What if someone told you there was an untouched mission field in the United States, right under your nose? That’s the news the Revs. Jim and Cathy Amendolia of Living Faith Anglican Church Mesa are spreading to churches across Mesa, Arizona, and beyond. The husband and wife duo planted Living Faith five years ago in Legacy Retirement Village, with the distinct mission of taking the Gospel, liturgy and Eucharist to the elderly population, many of whom are disabled and cannot go to church.
“Hardly anybody comes to visit them. Some of the residents have families who don’t even visit them,” Cathy, a counselor, says. “We’ve seen a community of faith grow out of that, and the residents see this church as their place.”
While many other churches unintentionally marginalize the elderly, Living Faith Mesa makes it their mission to recognize and celebrate the needs and gifts of people in their twilight years. Tens of thousands of seniors flock to the Arizona climate and retirement homes or assisted living facilities, and many of them are starved for spiritual nurture. For that reason, 101 of Legacy’s residents are thrilled to attend a church in their midst. Living Faith holds one service at 10 am on Sundays in Legacy’s multi-purpose room, and another service at 10 am Fridays in the Alzheimer’s wing of the facility. Visiting preachers or seminary students sometimes held services there in the past, but they lacked what the elderly need most—consistency and pastoral care. Jim and Cathy offer both, spending several days a week visiting congregants in their rooms or in the hospital.
Jim describes the services as “non-traditional,” based on the needs of their members. The structure is simple and interactive, with piano music and the order of service printed in extra-large font. Because a throng of wheelchairs, walkers and oxygen tanks make it impossible to come forward, Jim and Cathy take the Eucharist to each individual, addressing them by name.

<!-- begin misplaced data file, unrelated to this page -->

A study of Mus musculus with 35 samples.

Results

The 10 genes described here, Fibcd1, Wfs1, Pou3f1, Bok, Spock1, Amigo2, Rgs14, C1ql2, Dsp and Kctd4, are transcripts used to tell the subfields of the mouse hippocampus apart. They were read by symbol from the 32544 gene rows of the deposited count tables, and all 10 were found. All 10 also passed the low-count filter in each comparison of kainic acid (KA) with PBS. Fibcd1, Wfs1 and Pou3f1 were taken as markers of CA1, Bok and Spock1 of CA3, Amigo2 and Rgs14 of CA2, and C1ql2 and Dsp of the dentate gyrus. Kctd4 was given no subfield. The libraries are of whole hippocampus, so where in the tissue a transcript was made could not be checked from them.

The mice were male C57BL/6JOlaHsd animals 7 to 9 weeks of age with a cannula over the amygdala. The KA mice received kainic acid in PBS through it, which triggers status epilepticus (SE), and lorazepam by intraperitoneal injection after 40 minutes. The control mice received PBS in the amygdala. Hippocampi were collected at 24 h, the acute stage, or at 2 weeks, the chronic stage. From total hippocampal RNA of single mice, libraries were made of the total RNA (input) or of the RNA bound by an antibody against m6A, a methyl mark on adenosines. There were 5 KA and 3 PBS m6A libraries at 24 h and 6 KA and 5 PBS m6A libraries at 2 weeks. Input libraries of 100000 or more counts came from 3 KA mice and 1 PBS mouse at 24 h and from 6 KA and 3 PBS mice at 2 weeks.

“Amazingly, even memory care patients, who can’t remember what happened three minutes ago, remember how to take the Eucharist,” Jim says. “It’s a tremendous move of the Lord in their hearts to bring back those things that they knew from their youth.”
Jim preaches regularly with Cathy preaching about once a month. To encourage the elderly to share their wisdom and experience, the Amendolias periodically ask them to give their testimonies. The couple also encourages story sharing in the coffee-and-donuts social time before services.
One challenge the church faces is cross-generational communication. As a first step toward a solution, Jim and Cathy are working on a partnership with a Lutheran church’s youth group to promote more dialogue between the young and old. Giving the elderly a voice in the lives of young people, Jim believes, will help them stay engaged in life and faith.
We can’t keep putting the elderly off in the corner and relegating them to some sort of knitting circle on Tuesday or sitting around stuffing envelopes. These folks have something to say. The reason these old folks start dropping out [of church] is because nobody’s talking to them.”
He admits it may be tough to listen to stories of the “good ole days,” but if that’s what it takes to mine the rich spiritual legacy of an older person, it’s well worth it. At 104, Living Faith’s oldest member is a prime example.
“She is the coolest lady,” Cathy says. “Her daughter, granddaughter and great-granddaughter are all Christians. There is a real spiritual legacy there. She has a lot to share about her faith and her life and what the Lord has brought her through.”
And the need for more ministers cannot be ignored. The Amendolias’ goal is to spur church planting in other assisted living properties around East Mesa and beyond. Jim, who is writing his doctoral dissertation on church planting among institutionalized elderly, encourages pastors at local churches to use Living Faith as a model for growing and worshipping together in an assisted living residence. It’s also an excellent opportunity to plant a multi-site of an existing church. Jim has already had requests from four or five other retirement homes for a church in their midst, but does not yet have the planters.
“When you look at the numbers of Baby Boomers showing up, the elderly population will get incredibly big by 2020-2025,” Jim says. “Those people will be the dominant population in our country. The opportunity is there to tap into these folks who are asking for help.”